Title: The probability of commuting subgroups in arbitrary lattices of subgroups
by Seid Kassaw (University of Cape Town) as part of Topological Groups
Lecture held in Elysium.
The subgroup commutativity degree $sd(G)$ of a finite group $G$ was introduced
almost ten years ago and deals with the number of commuting subgroups in the
subgroup lattice $L(G)$ of $G$. The extremal case $sd(G) = 1$ detects a class of groups
classified by Iwasawa in 1941 (in fact, $sd(G)$ represents a probabilistic measure which
allows us to understand how far $G$ is from the groups of Iwasawa). This means
$sd(G) = 1$ if and only if $G$ is the direct product of its Sylow $p$-subgroups and these
are all modular; or equivalently $G$ is a nilpotent modular group. Therefore, $sd(G)$ is
strongly related to structural properties of $L(G)$ and $G$.
In this talk, we introduce a new notion of probability $gsd(G)$ in which two arbitrary sublattices $S(G)$ and $T(G)$ of $L(G)$ are involved simultaneously. In case
$S(G) = T(G) = L(G)$, we find exactly $sd(G)$. Upper and lower bounds for $gsd(G)$
are shown and we study the behaviour of $gsd(G)$ with respect to subgroups and
quotients, showing new numerical restrictions. We present the commutativity
and subgroup commutativity degree for infinite groups and put some open problems
for further generalization.
Title: Complexity of root-taking in power series fields & related problems
by Karen Lange (Wellesley College) as part of Computability theory and applications
In earlier work with Knight and Solomon, we bounded the computational complexity of the root-taking process over Puiseux and Hahn series, two kinds of generalized power series. But it is open whether the bounds given are optimal. By looking at the most basic steps in the root-taking process for Hahn series, we together with Hall and Knight became interested in the complexity of problems associated with well-ordered subsets of a fixed ordered abelian group. Here we provide an overview of the results so far in both these settings.
Title: Bayesian Statistics, Topology and Machine Learning for Complex Data Analysis
by Farzana Nasrin (University of Hawaiʻi) as part of Topological Groups
Lecture held in Elysium.
Analyzing and classifying large and complex datasets are generally challenging. Topological data analysis, that builds on techniques from topology, is a natural fit for this. Persistence diagram is a powerful tool that originated in topological data analysis that allows retrieval of important topological and geometrical features latent in a dataset. Data analysis and classification involving persistence diagrams have been applied in numerous applications. In this talk, I will provide a brief introduction of topological data analysis, focusing primarily on persistence diagrams, and a Bayesian framework for inference with persistence diagrams. The goal is to provide a supervised machine learning algorithm in the space of persistence diagrams. This framework is applicable to a wide variety of datasets. I will present applications in materials science, biology, and neuroscience.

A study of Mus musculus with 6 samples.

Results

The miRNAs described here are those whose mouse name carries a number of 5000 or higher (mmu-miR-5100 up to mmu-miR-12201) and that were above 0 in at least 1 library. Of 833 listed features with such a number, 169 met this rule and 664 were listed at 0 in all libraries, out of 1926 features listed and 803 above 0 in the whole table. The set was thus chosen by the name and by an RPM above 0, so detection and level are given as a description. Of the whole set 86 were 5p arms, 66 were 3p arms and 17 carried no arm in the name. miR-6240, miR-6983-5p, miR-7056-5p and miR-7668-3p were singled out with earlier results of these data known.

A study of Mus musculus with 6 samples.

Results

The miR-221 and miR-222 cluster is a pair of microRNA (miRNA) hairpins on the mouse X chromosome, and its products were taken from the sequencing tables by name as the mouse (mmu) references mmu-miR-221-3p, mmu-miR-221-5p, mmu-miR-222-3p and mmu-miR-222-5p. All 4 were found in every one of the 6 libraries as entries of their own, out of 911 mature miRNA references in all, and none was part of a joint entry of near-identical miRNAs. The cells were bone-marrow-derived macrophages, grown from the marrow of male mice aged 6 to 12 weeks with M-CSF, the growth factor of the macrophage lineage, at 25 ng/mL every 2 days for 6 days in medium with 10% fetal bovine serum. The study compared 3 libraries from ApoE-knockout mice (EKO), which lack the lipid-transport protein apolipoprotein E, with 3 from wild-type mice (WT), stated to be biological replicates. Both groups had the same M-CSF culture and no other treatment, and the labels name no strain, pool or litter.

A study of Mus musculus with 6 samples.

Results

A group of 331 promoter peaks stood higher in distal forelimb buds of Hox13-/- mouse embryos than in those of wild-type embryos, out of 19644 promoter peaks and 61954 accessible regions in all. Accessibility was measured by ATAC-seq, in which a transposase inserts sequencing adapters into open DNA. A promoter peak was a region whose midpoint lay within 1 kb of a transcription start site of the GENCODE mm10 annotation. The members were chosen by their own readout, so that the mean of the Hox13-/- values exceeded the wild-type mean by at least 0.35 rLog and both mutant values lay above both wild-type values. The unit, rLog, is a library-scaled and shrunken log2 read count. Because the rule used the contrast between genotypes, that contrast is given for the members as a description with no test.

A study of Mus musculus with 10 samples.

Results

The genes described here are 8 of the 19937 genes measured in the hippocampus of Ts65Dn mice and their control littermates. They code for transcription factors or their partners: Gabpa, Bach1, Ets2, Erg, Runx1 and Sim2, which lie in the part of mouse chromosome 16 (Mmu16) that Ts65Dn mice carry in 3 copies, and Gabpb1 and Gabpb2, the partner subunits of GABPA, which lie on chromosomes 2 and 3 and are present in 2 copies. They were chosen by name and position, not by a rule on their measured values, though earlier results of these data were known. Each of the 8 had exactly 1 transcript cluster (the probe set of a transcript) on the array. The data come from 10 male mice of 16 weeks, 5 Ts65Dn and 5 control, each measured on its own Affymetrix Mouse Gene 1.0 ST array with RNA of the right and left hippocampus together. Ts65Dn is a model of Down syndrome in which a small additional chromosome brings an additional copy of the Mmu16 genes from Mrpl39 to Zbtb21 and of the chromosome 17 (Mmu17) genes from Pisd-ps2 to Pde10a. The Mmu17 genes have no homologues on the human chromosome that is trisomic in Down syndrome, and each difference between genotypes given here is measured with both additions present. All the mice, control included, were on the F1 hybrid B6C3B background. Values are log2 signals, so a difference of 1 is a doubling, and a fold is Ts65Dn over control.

Title: Pseudocompact Paratopological and Quasitopological Groups
by Mikhail Tkachenko (Metropolitan Autonomous University) as part of Topological Groups
Lecture held in Elysium.
Pseudocompactness is an interesting topological property which acquires very specific
features when applied to different algebrotopological objects. A celebrated theorem
of Comfort and Ross published in 1966 states that the Cartesian product of an arbitrary
family of pseudocompact topological groups is pseudocompact. We present a survey
of results related to the validity or failure of the Comfort-Ross’ theorem in the realm of
semitopological and paratopological groups and give some examples showing that
pseudocompactness fails to be stable when taking products of quasitopological groups.
Title: Luzin’s (N) and randomness reflection
by Linda Brown Westrick (Penn State) as part of Computability theory and applications
We show that a computable real-valued function f has Luzin’s property (N) if and only if it reflects Pi^1_1-randomness, if and only if it reflects Delta^1_1-randomness relative to Kleene’s O, and if and only if it reflects Kurtz randomness relative to Kleene’s O. Here a function f is said to reflect a randomness notion R if whenever f(x) is R-random, then x is R-random as well. If additionally f is known to have bounded variation, then we show f has Luzin’s (N) if and only if it reflects weak-2-randomness, and if and only if it reflects Kurtz randomness relative to 0′. This links classical real analysis with algorithmic randomness. Joint with Arno Pauly and Liang Yu.
Title: Automorphism argument and reverse mathematics
by Keita Yokoyama (Japan Advanced Institute of Science and Technology) as part of Computability theory and applications
In the study of models of Peano (or first-order) arithmetic, there are
many results on recursively saturated models and their automorphisms.
Here, we apply such an argument to models of second-order arithmetic
and see that any countable recursively saturated model (M,S) of WKL_0*
is isomorphic to its countable coded omega-submodel if
Sigma_1-induction fails in (M,S). From this result, we see some
interesting but weird properties of WKL_0* with the absence of
Sigma_1-induction such as the collapse of analytic hierarchy. This
argument can also be applied to the reverse mathematical study of
Ramsey’s theorem for pairs (RT22), and we see some new relations
between the computability-theoretic characterizations of RT22 and the
famous open question on the first-order part of RT22+RCA_0.
This work is a part of a larger project joint with Marta Fiori
Carones, Leszek Kolodziejczyk, Katarzyna Kowalik and Tin Lok Wong.